Using Behavioral Economics to Get Fit

March 3, 2017
by Aleena Karamally

For decades, insufficient physical activity has been identified as a leading cause of many non-communicable diseases, including strokes, diabetes, heart disease and some kinds of cancer. Still, according to objective measurement approximately 96 percent of adults 20 to 59 in the U.S. do not meet the guidelines of 150 minutes of moderate physical activity and 75 minutes of vigorous physical activity per week.

On Amir, associate professor of Marketing at the Rady School of Management, recently co-authored a paper, Physical Activity Counseling in Primary Care: Insights From Public Health and Behavioral Economics, which helps address this issue. The paper uses principles of behavioral economics to apply an existing method of advising, the 5A framework, to the integration of physical activity counseling into primary care as a preventative medicine measure.

The 5A Framework involves a five-step plan to addressing an insufficient amount of physical activity in a patient’s life. The five steps are assess current physical activity levels, advise on increasing activity levels in relation to patient’s lab reports, agree on a physical activity plan with attainable goals and specific information on frequency and intensity, assist in creating strategies to overcome impediments to meeting goals, and arrange follow-up visits and reminders.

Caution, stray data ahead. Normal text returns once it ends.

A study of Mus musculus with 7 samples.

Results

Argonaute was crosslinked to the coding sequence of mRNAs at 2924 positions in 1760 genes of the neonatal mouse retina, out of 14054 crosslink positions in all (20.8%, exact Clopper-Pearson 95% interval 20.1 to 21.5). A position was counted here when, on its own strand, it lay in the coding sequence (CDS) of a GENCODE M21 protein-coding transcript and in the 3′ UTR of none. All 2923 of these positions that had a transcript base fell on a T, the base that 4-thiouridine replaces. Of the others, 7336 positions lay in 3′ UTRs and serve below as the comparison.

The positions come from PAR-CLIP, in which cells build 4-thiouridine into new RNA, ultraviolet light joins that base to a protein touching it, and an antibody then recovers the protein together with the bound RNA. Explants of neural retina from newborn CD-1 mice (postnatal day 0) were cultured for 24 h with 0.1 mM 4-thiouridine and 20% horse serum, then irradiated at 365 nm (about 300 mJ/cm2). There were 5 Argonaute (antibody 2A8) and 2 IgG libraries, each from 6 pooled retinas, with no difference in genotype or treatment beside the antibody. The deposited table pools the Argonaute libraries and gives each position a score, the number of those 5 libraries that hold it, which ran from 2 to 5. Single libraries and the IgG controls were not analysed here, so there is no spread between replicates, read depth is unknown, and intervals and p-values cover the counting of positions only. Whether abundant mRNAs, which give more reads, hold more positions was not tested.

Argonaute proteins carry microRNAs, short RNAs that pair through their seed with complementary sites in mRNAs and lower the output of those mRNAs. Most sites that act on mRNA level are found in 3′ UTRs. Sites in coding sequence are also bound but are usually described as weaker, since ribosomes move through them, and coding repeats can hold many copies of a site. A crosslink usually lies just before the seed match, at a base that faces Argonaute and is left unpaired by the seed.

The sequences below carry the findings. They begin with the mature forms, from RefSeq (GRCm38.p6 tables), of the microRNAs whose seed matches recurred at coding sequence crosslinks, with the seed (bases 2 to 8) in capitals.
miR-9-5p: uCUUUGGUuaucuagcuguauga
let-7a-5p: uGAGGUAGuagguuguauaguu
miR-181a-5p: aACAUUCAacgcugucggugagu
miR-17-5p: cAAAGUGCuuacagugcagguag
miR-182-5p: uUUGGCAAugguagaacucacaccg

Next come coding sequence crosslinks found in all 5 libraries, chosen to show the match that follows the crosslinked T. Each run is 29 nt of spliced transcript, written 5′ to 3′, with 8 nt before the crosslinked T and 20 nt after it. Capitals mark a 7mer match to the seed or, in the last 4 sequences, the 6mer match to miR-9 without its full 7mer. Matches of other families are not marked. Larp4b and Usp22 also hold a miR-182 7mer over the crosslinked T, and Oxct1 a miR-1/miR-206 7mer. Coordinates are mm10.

Overall, the paper uses principles of behavioral economics to analyze the reasons for decisions to engage in physical activity. Using these principles, the paper suggests the most effective methods of physical activity counseling for primary care physicians. It also notes the necessity for future research in determining the efficacy of these strategies in a clinical setting.